Make + [noun] + [adjective] is a common sentence pattern in English. It is used when something causes a change or a feeling.
Studying makes him sleepy.
It makes me angry when people text while driving.
The snow made the plane late.
The rules below also work for make + [n] + [n]. This changes something or someone to a higher position or different condition.
Our boss made her the team leader.
Our tour guide made the vacation a pleasure.
You can see that there are no prepositions, infinitives, or gerunds after make.
I want my children to be healthy.
Playing outside makes children healthy.
They complained about the dogs being dirty.
The dogs really made this room dirty.
Common errors are…
- Adding a preposition or another verb
Please make the test
Eating fast food made us
- Using the wrong verb
The new curtains do the kitchen more colorful. (make)
Giving a speech gets me nervous. (makes)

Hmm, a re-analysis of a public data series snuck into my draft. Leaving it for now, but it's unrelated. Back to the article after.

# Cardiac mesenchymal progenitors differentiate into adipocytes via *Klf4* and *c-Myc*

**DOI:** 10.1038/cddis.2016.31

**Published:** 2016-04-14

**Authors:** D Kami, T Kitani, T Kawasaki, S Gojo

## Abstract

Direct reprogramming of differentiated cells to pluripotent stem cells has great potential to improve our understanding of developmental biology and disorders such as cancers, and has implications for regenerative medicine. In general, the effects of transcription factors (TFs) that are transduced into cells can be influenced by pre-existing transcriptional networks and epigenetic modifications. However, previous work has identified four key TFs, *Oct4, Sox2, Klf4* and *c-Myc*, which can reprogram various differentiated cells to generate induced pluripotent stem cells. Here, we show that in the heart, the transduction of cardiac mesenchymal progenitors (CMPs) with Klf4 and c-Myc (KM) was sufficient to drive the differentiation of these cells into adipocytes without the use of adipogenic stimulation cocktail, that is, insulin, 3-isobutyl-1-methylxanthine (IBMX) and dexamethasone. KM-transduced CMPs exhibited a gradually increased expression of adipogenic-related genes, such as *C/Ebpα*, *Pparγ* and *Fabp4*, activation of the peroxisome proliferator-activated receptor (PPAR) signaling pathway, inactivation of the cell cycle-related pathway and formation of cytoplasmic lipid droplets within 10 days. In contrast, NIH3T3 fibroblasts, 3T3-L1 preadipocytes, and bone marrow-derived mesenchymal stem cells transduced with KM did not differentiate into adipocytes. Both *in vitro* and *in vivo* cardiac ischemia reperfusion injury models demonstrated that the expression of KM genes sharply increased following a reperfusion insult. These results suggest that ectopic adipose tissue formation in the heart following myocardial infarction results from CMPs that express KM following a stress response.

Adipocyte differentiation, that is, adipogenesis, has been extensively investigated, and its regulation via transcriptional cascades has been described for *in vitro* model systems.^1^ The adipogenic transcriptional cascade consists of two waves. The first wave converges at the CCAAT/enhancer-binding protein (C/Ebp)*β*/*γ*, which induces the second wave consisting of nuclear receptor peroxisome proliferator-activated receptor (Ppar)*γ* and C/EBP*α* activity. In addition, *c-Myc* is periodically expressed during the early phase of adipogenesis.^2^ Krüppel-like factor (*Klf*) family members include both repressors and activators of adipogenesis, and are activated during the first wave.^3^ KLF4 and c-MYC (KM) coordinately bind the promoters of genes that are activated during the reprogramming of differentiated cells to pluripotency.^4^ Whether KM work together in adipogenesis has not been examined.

(You might hear this, but we generally use get + [n] + [adj] for a gradual or natural change. The weather is getting hotter every day.)
- Forgetting the noun
His ability to understand people made ___ very successful in business. (him)
Editing: Always check that the verb make has the correct number of ‘complements.’
If you are using a computer, use the Find feature (Ctrl+F) to focus on only this verb. If it has the same meaning as “change,” check that you have the object changed, and the way it is changed. Double-check those small words like prepositions!
Remember that there a lot of different ways to use make.